Photographer's Note

The site on which Almudena Cathedral now stands was originally occupied by Madrid's first mosque, then by a church dedicated to one of Madrid's patron saints, Santa María de la Almudena.

Plans for a grand new church began in the 16th century after King Philip II made Madrid the capital of Spain. But construction was constantly postponed due to various political issues and opposition from the powerful archdiocese of Toledo.

Finally, in 1868, Madrid received permission from Toledo to construct a new church dedicated to the Virgin of Almudena. Construction began in 1883 based on a Neo-Gothic design. The first part to be completed was the crypt, which contains a 16th-century image of Madrid's patroness the Virgen de la Almudena.

A year later, in 1884, Pope Leo XIII created the Diocese of Madrid, giving Madrid a bishop and raising the status of the new Almudena church to a cathedral. The building plans were updated to reflect the elevated status of the building.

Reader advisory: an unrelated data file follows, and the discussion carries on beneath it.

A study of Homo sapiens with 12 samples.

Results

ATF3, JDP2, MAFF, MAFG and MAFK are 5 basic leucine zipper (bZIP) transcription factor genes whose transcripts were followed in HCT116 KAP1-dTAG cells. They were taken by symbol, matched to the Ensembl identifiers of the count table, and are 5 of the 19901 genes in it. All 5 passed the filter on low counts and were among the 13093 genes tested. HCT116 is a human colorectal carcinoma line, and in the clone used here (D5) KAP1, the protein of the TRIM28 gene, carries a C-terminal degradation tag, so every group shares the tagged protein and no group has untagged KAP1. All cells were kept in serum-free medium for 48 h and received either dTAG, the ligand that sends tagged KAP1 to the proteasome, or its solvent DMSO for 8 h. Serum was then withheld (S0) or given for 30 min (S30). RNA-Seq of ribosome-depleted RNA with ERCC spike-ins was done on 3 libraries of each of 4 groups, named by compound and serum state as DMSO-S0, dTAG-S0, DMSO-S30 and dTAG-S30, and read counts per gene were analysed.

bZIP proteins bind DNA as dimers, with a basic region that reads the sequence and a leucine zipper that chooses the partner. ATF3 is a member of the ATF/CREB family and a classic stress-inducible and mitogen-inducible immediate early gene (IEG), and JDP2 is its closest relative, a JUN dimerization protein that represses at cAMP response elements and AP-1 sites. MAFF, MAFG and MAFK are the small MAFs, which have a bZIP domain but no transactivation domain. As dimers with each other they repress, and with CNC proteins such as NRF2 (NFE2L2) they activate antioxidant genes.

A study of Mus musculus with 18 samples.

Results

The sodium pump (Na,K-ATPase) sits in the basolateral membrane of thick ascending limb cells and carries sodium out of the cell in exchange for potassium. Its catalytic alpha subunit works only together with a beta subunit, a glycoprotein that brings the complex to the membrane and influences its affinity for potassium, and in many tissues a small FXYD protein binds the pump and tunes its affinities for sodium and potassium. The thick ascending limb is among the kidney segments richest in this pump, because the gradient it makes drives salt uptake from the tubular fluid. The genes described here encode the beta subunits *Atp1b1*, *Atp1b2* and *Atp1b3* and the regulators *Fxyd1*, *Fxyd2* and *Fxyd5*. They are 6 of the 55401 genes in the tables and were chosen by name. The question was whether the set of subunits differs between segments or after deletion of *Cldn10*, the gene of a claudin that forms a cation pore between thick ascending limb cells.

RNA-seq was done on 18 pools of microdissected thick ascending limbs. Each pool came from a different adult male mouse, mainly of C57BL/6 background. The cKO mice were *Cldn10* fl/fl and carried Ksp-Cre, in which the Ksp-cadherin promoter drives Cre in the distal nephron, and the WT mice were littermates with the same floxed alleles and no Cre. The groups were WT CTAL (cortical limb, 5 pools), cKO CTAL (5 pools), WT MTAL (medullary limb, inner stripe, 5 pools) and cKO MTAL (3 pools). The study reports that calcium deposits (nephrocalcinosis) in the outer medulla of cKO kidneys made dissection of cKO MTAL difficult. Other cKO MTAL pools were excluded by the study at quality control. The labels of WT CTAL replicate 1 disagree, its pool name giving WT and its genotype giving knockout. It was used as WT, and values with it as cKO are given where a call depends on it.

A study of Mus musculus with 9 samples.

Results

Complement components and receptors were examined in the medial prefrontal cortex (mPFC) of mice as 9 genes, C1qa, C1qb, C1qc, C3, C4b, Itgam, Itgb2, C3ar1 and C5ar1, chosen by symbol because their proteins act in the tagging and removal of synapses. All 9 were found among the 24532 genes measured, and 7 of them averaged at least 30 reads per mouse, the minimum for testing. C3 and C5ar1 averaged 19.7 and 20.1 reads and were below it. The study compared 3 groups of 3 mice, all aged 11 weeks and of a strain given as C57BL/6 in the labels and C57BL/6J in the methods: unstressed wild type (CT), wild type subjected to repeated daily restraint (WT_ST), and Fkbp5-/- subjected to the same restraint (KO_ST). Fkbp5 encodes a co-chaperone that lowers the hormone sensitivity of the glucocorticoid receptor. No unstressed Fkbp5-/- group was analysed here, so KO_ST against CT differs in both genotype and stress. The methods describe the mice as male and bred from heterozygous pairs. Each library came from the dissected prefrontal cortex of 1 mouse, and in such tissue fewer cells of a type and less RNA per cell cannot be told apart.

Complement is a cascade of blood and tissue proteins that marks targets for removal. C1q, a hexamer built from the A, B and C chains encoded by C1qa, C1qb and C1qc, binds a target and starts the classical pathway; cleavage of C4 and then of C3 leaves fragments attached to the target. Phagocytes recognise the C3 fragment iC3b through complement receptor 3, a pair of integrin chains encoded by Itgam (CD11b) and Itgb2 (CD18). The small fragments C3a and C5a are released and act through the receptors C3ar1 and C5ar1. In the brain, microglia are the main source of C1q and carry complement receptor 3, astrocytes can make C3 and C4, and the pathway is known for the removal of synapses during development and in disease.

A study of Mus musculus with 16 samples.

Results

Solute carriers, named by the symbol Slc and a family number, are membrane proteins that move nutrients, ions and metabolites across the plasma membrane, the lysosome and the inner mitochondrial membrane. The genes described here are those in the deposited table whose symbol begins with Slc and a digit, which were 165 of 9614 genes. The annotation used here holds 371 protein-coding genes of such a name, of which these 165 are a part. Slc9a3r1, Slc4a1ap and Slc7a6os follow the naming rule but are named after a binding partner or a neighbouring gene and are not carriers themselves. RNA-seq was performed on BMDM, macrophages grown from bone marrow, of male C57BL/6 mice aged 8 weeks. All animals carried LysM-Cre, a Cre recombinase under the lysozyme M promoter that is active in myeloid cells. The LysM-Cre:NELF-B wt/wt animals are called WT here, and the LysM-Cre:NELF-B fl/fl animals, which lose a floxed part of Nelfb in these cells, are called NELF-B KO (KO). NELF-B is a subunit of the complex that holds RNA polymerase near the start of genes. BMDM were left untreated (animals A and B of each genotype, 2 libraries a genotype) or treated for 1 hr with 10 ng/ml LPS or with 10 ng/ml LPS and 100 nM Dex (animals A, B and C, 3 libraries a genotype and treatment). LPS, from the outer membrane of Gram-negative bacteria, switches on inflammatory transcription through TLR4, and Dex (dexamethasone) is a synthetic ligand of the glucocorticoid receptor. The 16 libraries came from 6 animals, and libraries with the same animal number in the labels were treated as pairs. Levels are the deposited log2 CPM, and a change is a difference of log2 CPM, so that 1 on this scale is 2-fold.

Construction on the cathedral progressed slowly and came to a complete halt during the civil war of the 1930s. The process began again in 1944, when the new architect introduced a Neoclassical style that would match the Royal Palace next door.

Almudena Cathedral was completed in 1993 and consecrated in person by Pope John Paul II that same year. A statue of the pope in front of the cathedral commemorates the momentous occasion. The cathedral was given another publicity boost with the sumptuous wedding of Prince Felipe and Doña Letizia in May 2004, the first such royal event in nearly a century.